Many Clemson fans know and remember some of the best football players in Clemson history.
Perry Tuttle. Steve Fuller. Banks McFadden. Brian Dawkins. Bennie Cunningham. William and Michael Dean Perry. Jeff Davis.
The list can continue, but we know that Clemson has not been short on talent both in the past and now even into the present.
There are some players, however, who some fans may feel were a bit underappreciated during their time at Clemson.
While these players may not have been as big as the above names, people can still remember the following players and their shining moments.
Now is the time to put these players in the spotlight and reflect upon their playing days here at Clemson University.
One such player was safety Michael Hamlin.
Hamlin was one of the more versatile safeties that Clemson had had since the 1990s with Clemson great Brian Dawkins.
During his time at Clemson, Hamlin showed the ability to play both safety positions, he could cover the deep field and play in the box against the run. He also showed blitzing ability off the edge.
Hamlin's versatility and ability would have been very helpful to a struggling Clemson secondary, especially one that was plagued by most of the quarterbacks that it played against.
Hamlin is one of the more notable safeties that Clemson has had in some time.
I doubt that many Clemson fans recall the name of one running back by the name of Reggie Merriweather.
Before the James Davis, CJ Spiller, and Andre Ellington shows came onto the scene, Merriweather carried the load when no one else could.
Before CJ Spiller learned to run in between the tackles, and before people learned about Ellington's ability, Merriweather got the brunt of the carries before James Davis came in, followed by CJ Spiller the next year.
Merriweather was a small back at around 5'9", but he ran hard between the tackles, and showed a toughness that the current coaching staff would love to have in the backfield.
He would not wow you with speed, but he was a very disciplined runner and pass blocker, and during his time at Clemson, he was a fan favorite, never complaining about getting fewer carries as he eventually sat behind both Davis and Spiller in his last year.
People may debate that Charlie Whitehurst does not belong on this list and say that he is greatly appreciated. But many people did not appreciate the skills he had while he was at Clemson.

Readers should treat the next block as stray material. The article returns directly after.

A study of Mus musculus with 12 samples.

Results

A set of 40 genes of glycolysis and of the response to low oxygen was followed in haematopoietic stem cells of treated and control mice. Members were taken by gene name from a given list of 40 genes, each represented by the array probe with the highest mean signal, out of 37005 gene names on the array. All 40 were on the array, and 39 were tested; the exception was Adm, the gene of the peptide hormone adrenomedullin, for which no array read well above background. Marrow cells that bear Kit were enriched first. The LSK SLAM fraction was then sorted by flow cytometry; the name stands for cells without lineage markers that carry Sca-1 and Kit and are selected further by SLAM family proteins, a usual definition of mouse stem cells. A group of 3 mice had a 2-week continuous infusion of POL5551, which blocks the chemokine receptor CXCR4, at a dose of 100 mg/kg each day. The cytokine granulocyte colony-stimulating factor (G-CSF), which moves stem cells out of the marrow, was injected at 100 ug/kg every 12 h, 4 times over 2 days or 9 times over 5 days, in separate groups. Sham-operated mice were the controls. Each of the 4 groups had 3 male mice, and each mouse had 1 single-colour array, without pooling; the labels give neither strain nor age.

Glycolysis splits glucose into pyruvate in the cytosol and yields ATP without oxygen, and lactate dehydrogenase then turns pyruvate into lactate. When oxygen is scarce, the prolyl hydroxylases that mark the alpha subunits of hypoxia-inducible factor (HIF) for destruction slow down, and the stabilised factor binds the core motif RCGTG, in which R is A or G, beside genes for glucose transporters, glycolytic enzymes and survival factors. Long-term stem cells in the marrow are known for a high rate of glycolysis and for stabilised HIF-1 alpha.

Former head coach Tommy Bowden never fully developed Whitehurst's talent. Had Whitehurst had a better staff and head coach, he could have taken the Tigers further.
Whitehurst was a great prototypical quarterback, standing at 6'5" and weighing around 225 pounds.
He had a strong arm, and while he was not a running threat, he was a great pro-style quarterback. He typically had more success as a drop back passer than in the shotgun.
Whitehurst has the distinction of being the only Clemson quarterback to go 4-0 against South Carolina.
Despite his distinctions, Whitehurst had different offensive coordinators every year he was at Clemson, and he never truly found his potential, though his skill set did earn him a third round selection with the Chargers.
Before Clemson collected its current corps of young, explosive receivers like Deandre Hopkins and Sammy Watkins, Clemson relied on the steady hands of the tall, lean Aaron Kelly and the rough, gritty nature of slot receiver Tyler Grisham.
Neither one of these guys was flashy, but Aaron Kelly gave the Tigers a height advantage with his 6'5" frame.
In his junior year, he had over 1,000 yards receiving with 11 touchdowns, and became the ACC all-time leader in reception in his senior year.
The Tigers missed him for two more years to take pressure off of Jacoby Ford and to add depth to a depleted receiving corps in 2010.
During his time at Clemson, fans and coaches alike could count on Kelly to always catch the football.
Keith Adams brought an aggressive mentality to anchor the middle of Clemson's defense, and is third in Clemson history for sacks by a linebacker with 23 sacks.
He played in 35 games and was known for his aggressive presence in the middle of the defense. This is back when Clemson still got the most out of its linebackers.
While Clemson now has the talent to succeed at linebacker once again, it will not be at the level that Keith Adams played in 35 games as a starter.